TAMPA, FLA. (AP) - Ronde Barber leaned back and then forward in his seat, pondering the question before finally concluding he had no recollection of the first time he played on Monday Night Football.
Didn't have a clue where, when or even who the Tampa Bay Buccaneers faced.
What he recalled was playing in primetime meant a lot. Still does for a team craving national attention.
"It's the only game in town that night," Barber said. "Everybody's watching, and you get a chance to showcase yourself. ... If you have swagger, it will come out when the lights go on."
At 36, the five-time Pro Bowl cornerback is the oldest player on the NFL's youngest team. He even has 17 months on 35-year-old Raheem Morris, the league's youngest head coach.
The Bucs won 10 games last season and were rewarded this season with a schedule featuring two primetime games, including Monday night against the Indianapolis Colts.
Barber said regardless of how old or accomplished you are, playing on Monday night is a big deal.
"We've been toiling down here in Tampa for a long time, unrecognized. That's somewhat our fault, but you've got to relish the opportunity to play in front of everybody," the twin brother of retired New York Giants running back Tiki Barber said.
"I'd be lying to say I wasn't excited about it. I know what it's like to succeed under that spotlight, and I know what it's like to fail under that spotlight."
Since Barber entered the NFL as a third-round draft pick in 1998, Tampa Bay has appeared on MNF 16 times, including one Saturday night edition.
The Bucs and Colts were involved in a memorable MNF matchup in 2003, the season after Tampa Bay won the Super Bowl with a stellar defense.
That is until that Monday night when Peyton Manning came to town. Barber returned an interception 29 yards for a touchdown that gave the Bucs a 35-14 lead with five minutes left in the fourth.
While Barber had difficulty remembering details from a lopsided loss to Barry Sanders and the Detroit Lions in the first Monday night game in which he played in 1998, he said he'll never forget the horrible feeling he walked out of the stadium with after Manning led the Colts back from a 21-point deficit to beat Tampa Bay 38-35 in overtime.
The Bucs began that season with expectations of repeating as Super Bowl champions. Instead that loss began a downward spiral, and Tampa Bay hasn't won a playoff game since.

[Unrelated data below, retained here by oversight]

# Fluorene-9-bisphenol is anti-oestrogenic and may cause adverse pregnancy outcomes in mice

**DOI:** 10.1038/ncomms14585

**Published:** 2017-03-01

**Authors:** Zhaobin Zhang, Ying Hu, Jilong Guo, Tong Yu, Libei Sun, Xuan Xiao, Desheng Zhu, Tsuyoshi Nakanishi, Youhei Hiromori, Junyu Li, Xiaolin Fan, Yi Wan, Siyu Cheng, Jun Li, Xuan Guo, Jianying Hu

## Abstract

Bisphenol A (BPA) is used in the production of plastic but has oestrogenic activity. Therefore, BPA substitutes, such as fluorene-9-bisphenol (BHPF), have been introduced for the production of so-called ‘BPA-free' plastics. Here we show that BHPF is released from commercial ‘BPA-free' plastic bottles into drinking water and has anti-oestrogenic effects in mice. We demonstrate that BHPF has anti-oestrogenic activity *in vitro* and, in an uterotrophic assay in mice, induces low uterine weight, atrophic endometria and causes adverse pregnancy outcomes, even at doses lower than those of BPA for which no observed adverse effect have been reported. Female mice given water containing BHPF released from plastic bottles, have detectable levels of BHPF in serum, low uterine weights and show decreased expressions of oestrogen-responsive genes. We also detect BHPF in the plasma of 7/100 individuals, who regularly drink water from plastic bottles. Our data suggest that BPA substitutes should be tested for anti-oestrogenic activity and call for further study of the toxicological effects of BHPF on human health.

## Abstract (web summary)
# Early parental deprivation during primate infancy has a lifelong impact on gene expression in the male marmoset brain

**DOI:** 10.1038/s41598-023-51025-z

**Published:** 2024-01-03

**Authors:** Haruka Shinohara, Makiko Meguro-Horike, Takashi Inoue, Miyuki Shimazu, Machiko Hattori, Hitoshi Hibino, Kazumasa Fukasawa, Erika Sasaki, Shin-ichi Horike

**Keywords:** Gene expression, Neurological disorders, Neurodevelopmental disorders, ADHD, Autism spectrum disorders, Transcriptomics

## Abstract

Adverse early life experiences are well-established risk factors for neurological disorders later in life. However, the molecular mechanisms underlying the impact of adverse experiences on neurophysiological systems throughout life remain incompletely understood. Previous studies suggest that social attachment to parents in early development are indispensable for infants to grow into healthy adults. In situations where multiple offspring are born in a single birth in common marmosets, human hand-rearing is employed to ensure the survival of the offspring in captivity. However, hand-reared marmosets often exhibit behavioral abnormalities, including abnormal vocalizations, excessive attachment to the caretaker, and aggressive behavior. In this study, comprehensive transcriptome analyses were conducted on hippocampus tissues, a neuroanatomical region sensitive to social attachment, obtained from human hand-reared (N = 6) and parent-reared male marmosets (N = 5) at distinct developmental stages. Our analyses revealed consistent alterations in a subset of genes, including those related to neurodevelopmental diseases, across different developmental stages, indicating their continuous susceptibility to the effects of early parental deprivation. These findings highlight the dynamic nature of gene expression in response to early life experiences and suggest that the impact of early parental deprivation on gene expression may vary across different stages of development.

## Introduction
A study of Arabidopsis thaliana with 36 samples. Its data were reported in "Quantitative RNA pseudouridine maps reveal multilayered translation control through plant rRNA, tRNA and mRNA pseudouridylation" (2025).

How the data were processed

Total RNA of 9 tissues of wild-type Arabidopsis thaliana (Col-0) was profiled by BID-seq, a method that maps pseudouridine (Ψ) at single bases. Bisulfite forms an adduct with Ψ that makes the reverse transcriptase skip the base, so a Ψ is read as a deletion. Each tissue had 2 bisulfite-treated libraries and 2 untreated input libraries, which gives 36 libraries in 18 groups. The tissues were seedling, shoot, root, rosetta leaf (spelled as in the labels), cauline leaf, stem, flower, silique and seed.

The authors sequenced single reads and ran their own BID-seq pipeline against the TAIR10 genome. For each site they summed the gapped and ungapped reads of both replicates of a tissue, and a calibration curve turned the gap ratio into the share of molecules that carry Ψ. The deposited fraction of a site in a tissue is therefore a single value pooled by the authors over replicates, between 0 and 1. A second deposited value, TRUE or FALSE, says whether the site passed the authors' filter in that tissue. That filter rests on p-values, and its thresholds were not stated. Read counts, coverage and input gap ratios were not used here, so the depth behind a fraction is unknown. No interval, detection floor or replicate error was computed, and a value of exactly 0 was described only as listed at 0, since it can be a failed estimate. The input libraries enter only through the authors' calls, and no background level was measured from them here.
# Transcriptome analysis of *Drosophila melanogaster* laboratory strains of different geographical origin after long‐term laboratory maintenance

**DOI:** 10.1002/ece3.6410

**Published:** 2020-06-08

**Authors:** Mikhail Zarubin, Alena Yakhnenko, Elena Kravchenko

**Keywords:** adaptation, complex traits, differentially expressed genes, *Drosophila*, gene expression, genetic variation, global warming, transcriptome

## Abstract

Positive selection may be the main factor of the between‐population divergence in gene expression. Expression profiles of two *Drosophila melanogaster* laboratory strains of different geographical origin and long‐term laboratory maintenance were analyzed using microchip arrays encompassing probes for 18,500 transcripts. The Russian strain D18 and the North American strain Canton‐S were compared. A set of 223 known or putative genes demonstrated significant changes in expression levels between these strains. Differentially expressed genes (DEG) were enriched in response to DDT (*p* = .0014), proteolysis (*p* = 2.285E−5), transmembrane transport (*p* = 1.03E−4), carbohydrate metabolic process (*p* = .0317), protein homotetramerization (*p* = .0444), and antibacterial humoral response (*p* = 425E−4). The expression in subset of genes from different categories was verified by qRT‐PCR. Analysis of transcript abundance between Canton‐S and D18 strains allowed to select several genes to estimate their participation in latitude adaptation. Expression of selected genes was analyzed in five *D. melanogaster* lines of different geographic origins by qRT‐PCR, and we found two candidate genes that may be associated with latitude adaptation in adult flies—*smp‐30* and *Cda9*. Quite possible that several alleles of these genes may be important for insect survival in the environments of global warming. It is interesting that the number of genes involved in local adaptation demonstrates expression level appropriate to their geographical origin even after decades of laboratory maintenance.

"To be honest with you, that showed a chink in our armor. We were a really good football team. At least I thought we were a really good football team with a lot of returning guys," Barber said.
"And to have somebody really just dismantle us in five minutes kind of showed some weakness on our part, and for whatever reason it snowballed into not a very good season. ... You don't ever want to say you lose your swagger, but we definitely didn't have the same demeanor or didn't display the same demeanor after that loss."
To this day, Barber finds it difficult to watch highlights of that game.
Still, it's not the only painful primetime memory for the 15th-year pro, who's the only player in NFL history to have at least 40 interceptions and 25 sacks in his career.
Three years ago, Tampa Bay took a 9-3 record to Carolina for a Monday night game with first place in the NFC South on the line.
The Panthers pounded the defense for 299 yards rushing, handing the Bucs a lopsided loss that began a four-game, season-ending slide that helped keep the team from the playoffs and also cost former coach Jon Gruden his job.
"They steamrolled us," Barber said. "I was as embarrassed as I've ever been."
Monday night will be Tampa Bay's first primetime game since then.
With 23-year-old Josh Freeman blossoming at quarterback and just three players who are 30 or older, the Bucs have a promising future.
And Barber, whose streak of 187 consecutive starts is the longest among active players, wants to be part of it. He has his 41st interception and also recovered a fumble during last week's 16-13 victory over Atlanta, earning recognition as NFC defensive player of the week from the league.
Coming off the field, Morris joked with Barber that he had played a great game but hadn't earned a game ball because he didn't score a touchdown.
When the league announced its weekly honors, the coach changed his mind.
"All the things he does on the field for us, he's special. He's one of those figures that for us has just been unbelievable," Morris said. "He's Cal Ripken ... Derek Jeter, whoever the case may be. He's all that for us."